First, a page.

June 2011

Quentin H. Gibson (1918 – 2011)


Quentin H. Gibson, who is best known for his pioneering work on the kinetics of ligand binding to hemoglobins and the development of stopped-flow and flash photolysis instruments, passed away on March 16, 2011 in Hanover, N.H., at the age of 92. 

Gibson was born on Dec. 9, 1918 in Aberdeen, Scotland. In 1926, his father was appointed director of the Linen Industry Research Association, and the family moved to Glenmore House, Lambeg, Northern Ireland, about 10 miles south of Belfast, where Quentin spent his youth among the research laboratories and the elaborate grounds. He enrolled in Queen’s University Belfast, receiving an M.D. in 1944 and a Ph.D. in 1946. Gibson’s graduate research was based on studies of the reaction of methemoglobin with ascorbate, which reverses methemoglobinanemia (1, 2). His work with D.C. Harrison on familial idiopathic methemoglobinanemia was the first to show a genetic disorder to be due to an enzyme defect. In the Belfast cases, the anemia was due to the loss of diaphorase I activity, which now is known as NADH methemoglobin reductase or cytochrome-b5 reductase.

From 1947 to 1956, Gibson was successively appointed a lecturer, senior lecturer, and reader in the department of physiology in the school of medicine at the University of Sheffield. During this time, he began close collaborations with F. J. W. Roughton, who in 1923 built the first rapid mixing device with H. Hartridge to examine the rates of O2 and CO binding to hemoglobin and red cells. Gibson, who was a skilled machinist, designed and built a stopped-flow, rapid mixing spectrometer (3) and a flash photolysis apparatus (4, 5) to re-examine these reactions and, with Roughton, showed for the first time that the major increase in iron reactivity during cooperative ligand binding does not occur until roughly three ligands have been bound. Gibson and his colleagues then used these instruments to examine a variety of enzymatic and globin reactions. The stopped-flow spectrometer was commercialized by Durrum (later Dionex) Instruments, Inc. and sold as the “Durrum-Gibson” instrument until approximately 1990.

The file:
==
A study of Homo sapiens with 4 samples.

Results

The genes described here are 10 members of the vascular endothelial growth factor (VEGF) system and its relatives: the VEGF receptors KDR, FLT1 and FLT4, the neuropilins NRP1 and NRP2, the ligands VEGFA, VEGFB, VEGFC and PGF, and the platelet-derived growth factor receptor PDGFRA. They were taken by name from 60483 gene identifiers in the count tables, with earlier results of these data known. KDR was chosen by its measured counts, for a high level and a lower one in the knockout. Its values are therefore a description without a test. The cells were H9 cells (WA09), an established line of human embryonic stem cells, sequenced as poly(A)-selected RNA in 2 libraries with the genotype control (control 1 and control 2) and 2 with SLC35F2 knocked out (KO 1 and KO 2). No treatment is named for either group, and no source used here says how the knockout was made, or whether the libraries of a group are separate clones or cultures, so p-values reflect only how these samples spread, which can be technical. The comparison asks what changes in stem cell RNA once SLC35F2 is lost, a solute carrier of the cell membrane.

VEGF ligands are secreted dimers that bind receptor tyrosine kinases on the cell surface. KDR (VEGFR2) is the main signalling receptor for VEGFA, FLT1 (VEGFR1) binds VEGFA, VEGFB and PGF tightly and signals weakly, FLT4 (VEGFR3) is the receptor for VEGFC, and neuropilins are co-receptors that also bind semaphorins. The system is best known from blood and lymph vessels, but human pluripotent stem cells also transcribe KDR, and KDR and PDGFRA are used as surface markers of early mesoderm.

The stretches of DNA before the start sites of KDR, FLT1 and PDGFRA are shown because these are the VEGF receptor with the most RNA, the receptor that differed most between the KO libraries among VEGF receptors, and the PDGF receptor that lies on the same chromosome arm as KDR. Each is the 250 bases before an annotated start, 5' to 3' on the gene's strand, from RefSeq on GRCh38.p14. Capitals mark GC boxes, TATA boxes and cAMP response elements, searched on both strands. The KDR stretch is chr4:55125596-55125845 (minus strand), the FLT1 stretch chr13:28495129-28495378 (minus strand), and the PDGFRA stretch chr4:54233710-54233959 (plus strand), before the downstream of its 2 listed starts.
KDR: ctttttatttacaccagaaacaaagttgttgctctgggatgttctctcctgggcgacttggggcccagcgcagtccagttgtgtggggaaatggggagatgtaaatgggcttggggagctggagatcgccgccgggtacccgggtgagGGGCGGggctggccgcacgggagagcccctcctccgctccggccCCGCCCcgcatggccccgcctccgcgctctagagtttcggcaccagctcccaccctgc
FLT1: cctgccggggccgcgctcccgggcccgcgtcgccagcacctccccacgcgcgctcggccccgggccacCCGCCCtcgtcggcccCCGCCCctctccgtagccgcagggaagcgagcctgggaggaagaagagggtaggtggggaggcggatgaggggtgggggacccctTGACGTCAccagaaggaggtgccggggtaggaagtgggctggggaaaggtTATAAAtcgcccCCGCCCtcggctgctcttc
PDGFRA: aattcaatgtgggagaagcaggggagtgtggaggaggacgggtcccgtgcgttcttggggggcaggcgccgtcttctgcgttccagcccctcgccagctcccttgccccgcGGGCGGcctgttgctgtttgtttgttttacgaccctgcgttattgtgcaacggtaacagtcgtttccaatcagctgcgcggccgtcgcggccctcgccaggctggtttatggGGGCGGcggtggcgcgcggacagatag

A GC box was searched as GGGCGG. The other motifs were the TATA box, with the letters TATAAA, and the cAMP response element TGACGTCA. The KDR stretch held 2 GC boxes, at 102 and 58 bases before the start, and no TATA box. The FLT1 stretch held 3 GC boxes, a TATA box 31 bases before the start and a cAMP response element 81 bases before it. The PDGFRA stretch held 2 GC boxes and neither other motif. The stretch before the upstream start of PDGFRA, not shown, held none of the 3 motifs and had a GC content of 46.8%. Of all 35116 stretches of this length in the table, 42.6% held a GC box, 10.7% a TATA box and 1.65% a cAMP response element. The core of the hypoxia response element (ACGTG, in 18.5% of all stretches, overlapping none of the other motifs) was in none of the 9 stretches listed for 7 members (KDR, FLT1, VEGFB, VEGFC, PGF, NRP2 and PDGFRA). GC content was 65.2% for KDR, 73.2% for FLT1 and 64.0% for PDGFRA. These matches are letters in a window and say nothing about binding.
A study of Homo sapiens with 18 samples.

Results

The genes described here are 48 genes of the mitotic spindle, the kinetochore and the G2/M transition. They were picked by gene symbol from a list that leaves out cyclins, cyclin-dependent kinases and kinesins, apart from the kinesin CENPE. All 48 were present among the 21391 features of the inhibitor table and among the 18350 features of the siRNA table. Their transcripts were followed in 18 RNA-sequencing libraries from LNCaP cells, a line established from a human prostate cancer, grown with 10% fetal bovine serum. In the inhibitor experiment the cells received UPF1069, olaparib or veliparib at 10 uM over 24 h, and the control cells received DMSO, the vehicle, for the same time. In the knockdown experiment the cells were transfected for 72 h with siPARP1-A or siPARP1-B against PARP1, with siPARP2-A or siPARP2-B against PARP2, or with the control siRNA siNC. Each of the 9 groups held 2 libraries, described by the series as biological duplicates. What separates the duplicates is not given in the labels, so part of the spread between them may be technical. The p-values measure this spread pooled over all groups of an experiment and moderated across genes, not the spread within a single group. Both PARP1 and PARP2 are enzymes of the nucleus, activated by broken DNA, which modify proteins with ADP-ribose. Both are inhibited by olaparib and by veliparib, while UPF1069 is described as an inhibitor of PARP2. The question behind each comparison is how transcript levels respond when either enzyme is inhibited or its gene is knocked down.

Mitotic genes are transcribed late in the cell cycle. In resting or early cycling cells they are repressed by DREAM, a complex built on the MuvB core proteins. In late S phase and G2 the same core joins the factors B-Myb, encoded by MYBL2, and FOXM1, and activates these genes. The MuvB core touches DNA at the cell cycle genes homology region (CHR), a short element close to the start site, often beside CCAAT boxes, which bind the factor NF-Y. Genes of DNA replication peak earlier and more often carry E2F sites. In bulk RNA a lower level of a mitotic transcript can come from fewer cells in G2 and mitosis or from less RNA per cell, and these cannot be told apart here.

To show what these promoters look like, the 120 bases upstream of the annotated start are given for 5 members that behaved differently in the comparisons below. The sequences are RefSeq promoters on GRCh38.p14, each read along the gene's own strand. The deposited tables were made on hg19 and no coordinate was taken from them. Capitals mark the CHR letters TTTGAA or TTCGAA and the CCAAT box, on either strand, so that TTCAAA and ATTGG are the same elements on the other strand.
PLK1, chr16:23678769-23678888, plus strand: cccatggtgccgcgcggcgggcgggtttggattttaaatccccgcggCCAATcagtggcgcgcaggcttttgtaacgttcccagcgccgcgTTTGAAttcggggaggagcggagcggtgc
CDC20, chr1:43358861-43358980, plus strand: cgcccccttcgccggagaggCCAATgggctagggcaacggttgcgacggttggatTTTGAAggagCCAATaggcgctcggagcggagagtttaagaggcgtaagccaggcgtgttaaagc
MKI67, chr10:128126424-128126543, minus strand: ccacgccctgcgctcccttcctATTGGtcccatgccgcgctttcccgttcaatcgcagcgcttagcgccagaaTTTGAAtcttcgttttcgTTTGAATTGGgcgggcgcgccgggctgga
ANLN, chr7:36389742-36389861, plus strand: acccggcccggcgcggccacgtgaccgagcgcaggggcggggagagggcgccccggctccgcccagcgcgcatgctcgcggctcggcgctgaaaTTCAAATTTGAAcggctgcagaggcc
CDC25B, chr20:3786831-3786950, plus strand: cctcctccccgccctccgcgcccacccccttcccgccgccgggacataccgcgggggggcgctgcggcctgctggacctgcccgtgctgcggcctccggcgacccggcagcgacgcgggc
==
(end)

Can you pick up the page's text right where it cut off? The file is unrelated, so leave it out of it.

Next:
While at the University of Sheffield, Gibson married and started a family. His wife, Audrey Jane (Pinsent) Gibson, obtained a doctorate from the University of London in 1949, where she discovered that selenite is required for the production of formate dehydrogenase in coliforms. After a year of study with C.B. Van Niel in California, she took a position in Sidney Elsden laboratory in Sheffield to characterize c-type cytochromes from photosynthetic bacteria. Like her husband, she had a long and distinguished career before her death on June 10, 2008.

In 1957, Gibson was awarded a professorship and the chair of the department of biochemistry at the University of Sheffield, replacing Hans Krebs, who took a position at the University of Oxford. Gibson brought together a remarkable group of biophysicists and enzymologists, including Gregorio Weber, Vincent Massey and Keith Dalziel, who each were elected either fellows of the London Royal Society or members of the U.S. National Academy of Sciences.

In 1963, Gibson moved to the United States to take a joint professorship of biophysics and physical biochemistry at the Johnson Research Foundation and of physiology in the graduate school of medicine at the University of Pennsylvania. While in Philadelphia, Gibson expanded his own work to studies of a variety of enzymes and, with Colin Greenwood, made the first measurements of bimolecular O2 binding to cytochrome c oxidase using a newly constructed flow flash apparatus, which set the standard for these types of measurements for more than 30 years.

In 1965, Gibson became the Greater Philadelphia Professor in the Section of Biochemistry, Molecular and Cell Biology at Cornell University, where he remained until his retirement in 1996. While at Cornell, Gibson was elected a fellow of the London Royal Society in 1969, became a member of the U.S. National Academy of Sciences immediately after becoming a U.S. citizen in 1982, served as an associate editor of the Journal of Biological Chemistry from 1975 to 1994, and received the Keilin Memorial Medalist Award and Lectureship in 1990.




Not only was Quentin a remarkable and brilliant scientist, but he was also a kind and generous person, always ready to discuss science (yours and his) with insight and enthusiasm. He will be missed. Gordon Tollin, University of Arizona


I first met Quentin when we were both at the University of Sheffield in the 50's (I was in the chemistry department). Our group was studying nickel complexes, but the beautiful spectral changes were too fast to study by the usual method. Quentin introduced me to his stopped flow apparatus and we had instant success in measuring the kinetics of reactions of a large number of complexes for the first time, thanks to his kindness and considable help.In the U.S.for nearly 40 years our group studied a large number of inorganic and bioinorganic reactions using the Gibson-Dionex commercial apparatus.Our computerised set up was built by Dick DeSa who studied with Quentin.It is obvious then how indebted I am to Quentin Gibson so many years ago. Ralph G. Wilkins, Albuquerque, NM, USA.


In addition to his extensive research career, Quentin Gibson was a great mentor, generous with both his time and knowledge. From working with him at Rice University, I can attest to not only his scientific acumen, but his willingness to share what he knew and his excitement for heme proteins with multiple generations of students. He is greatly missed.